There is a unique and beautiful phenomenon shining today in popular hip hop. It's always been there, in one form or another, but rarely so visible before recent years.
Mainstream artists like Kendrick Lamar and Beyoncé are uplifting worldwide audiences with anthems about self-empowerment and positivity.
On the rise is one of today's greatest ambassadors of this ethos, New York City-based duo OSHUN. Maryland natives of the D.C. area, Thandiwe and Niambi Sala met at NYU and named the duo after a deity of the ancient Yoruba religion prominent in and around Nigeria.
Much like the duo's style, the spiritual Oshun is associated with gracefulness, harmony, and healing.
I spoke with Thandi and Niambi over the phone in NYC about spirituality and their mixture of neo-soul, hip hop, and spiritual music as a means of healing and empowerment.
Now on the pop front, smash hits like Beyoncé's "Formation" or Kendrick's "Alright" come to mind. Tracks like these confront long standing social issues like sexism, racism, and police brutality while celebrating black culture.
Today, there is a well of creativity in this vein; music, art, fashion, dance-- and a mystique to the mindset associated with them.
It is a colorful ambiance of liberation, celebration, empowerment, harmony, social justice-- and with OSHUN, a mystical suavité surrounds this lifeblood.
While Lamar celebrates with his friends in the street, and Beyoncé lines up the ladies in formation, OSHUN channels ancient gods, dives in sweet waters, and relishes in the freshness of their youth.
Music like this is medicinal. It draws power from a strong undercurrent of black youth, and indeed all people, yearning to heal and celebrate their uniqueness as individuals.
It is a mystical experience vivid in OSHUN's video "Stay Woke." It's track four on their 2015 mixtape Asase Yaa, entitled "i wake up/stay woke," in which the jazz poetry of the first passage excites the illumination and celebration of self throughout the rest.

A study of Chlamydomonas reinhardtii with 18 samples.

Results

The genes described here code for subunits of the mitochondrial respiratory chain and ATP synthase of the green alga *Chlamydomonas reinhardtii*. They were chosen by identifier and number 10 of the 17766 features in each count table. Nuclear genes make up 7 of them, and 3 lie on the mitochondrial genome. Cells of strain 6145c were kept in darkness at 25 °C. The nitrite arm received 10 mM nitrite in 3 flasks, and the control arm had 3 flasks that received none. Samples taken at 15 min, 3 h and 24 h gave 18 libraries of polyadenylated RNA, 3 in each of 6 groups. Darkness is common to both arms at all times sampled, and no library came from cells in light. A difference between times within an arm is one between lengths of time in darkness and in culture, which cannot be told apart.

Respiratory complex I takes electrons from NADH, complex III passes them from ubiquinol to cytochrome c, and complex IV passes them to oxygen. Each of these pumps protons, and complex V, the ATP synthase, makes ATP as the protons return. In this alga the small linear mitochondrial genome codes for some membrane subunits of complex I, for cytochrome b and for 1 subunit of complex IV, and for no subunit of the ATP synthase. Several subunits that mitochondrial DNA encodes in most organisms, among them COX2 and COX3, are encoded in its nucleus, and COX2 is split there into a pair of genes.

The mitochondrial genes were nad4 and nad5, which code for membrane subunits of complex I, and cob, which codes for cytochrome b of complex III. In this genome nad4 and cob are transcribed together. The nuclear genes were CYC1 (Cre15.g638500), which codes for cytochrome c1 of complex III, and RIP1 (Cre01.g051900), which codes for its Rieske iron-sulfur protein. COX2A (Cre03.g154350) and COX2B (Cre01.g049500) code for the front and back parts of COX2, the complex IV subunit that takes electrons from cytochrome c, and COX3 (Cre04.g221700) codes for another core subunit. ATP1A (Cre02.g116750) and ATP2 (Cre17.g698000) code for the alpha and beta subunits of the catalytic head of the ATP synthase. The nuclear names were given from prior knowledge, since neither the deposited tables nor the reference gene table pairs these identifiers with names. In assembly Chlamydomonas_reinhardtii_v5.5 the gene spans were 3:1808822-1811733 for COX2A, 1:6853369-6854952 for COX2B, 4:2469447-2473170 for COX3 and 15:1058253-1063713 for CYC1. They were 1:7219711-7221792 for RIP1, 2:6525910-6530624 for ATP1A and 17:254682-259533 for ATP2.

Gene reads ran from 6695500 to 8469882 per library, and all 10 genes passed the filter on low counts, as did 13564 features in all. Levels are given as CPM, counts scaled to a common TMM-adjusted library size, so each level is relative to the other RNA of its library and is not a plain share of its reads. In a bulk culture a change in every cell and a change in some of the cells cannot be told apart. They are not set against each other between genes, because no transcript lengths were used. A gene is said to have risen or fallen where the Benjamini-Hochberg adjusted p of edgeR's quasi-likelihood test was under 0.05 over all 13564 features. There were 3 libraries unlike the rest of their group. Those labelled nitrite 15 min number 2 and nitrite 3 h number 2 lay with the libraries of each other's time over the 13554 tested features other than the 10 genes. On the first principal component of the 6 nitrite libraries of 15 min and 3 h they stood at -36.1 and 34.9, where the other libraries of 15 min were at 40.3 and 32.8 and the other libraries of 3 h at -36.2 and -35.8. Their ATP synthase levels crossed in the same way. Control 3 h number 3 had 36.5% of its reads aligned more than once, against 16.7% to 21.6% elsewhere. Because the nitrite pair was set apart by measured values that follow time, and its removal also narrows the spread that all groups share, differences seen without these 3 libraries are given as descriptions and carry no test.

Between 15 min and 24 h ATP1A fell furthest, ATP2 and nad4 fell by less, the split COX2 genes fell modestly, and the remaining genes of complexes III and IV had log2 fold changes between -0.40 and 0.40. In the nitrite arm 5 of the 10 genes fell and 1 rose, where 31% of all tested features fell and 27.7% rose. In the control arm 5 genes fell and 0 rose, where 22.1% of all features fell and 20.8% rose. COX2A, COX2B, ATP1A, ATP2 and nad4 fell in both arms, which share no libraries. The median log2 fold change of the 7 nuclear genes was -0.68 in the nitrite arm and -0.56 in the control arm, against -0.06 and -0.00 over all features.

The "Stay Woke" video is a visceral collage. OSHUN antagonizes ignorance by depicting caricatures of black stereotypes to break the mold of these perceptions within and without the black community, promoting harmony between people.
Their characters' immersion near the end of the video is a powerful symbol drawn from the Yoruba people's religion, in which orisha, or deities, are personified and walk the earth.,
Niambi offered some background on the tradition, "the different orisha are manifestations of nature... Oshun is an embodiment of fertile femininity, represented by sweet water and the river."
From a spiritual standpoint, Thandi and Niambi's characters' baptism in the sweet healing waters-- waking up-- shatters the pitfalls of self-identifying as a stereotype and celebrates the possibilities of, as Niambi characterized Oshun, "a young woman just coming into her own woman-ness."
She continued, "Giving honor to these orisha and connecting with them in our every day lives also strengthens our connection with the earth and knowing that we're one with everything. Once you realize that, you kind of create this harmonious relationship."
In OSHUN's music, that harmony is the common thread stitching together positivity in relationships, society, and with the earth on a fundamental level. As she put it, "with each other, the creator, its creations and literally with each other on stage."
Why is harmony so important?
Niambi explained that, "When you think about the demise and the corruption of the world, we did that to ourselves, and we don't even recognize our power. That's why we make music that uplifts people; we want everyone to know their power."
And it makes sense that when individuals view themselves not as target practice for police or dollar signs for major corporations, those individuals are likely to work towards their dreams and find fulfillment expressing themselves.
Perhaps most importantly, the message isn't exclusive. Niambi was clear that, "It's not about us against them or who is better or worse. It's about 'we all have power' and why don't we manifest that, and make life good because the world is f*cked up."
Thandi chimed in, adding that "those who need to hear this message are people who don't love themselves, people who don't believe that they're [made up and from] love, and people who don't think they're capable of loving."
This message of self-acceptance and personal empowerment is as old as the mystic tradition from which OSHUN draws its namesake.
It's been a central aspect of most forms of afrocentric music of the last century or so, including gospel, blues, R&B, jazz, and roots reggae for decades.
Producers like J-Dilla and Madlib largely pioneered the sound in hip hop. Neo-soul artists like Erykah Badu and Lauryn Hill embodied it throughout the 90's.
Now, artists like OSHUN are carrying it into the future.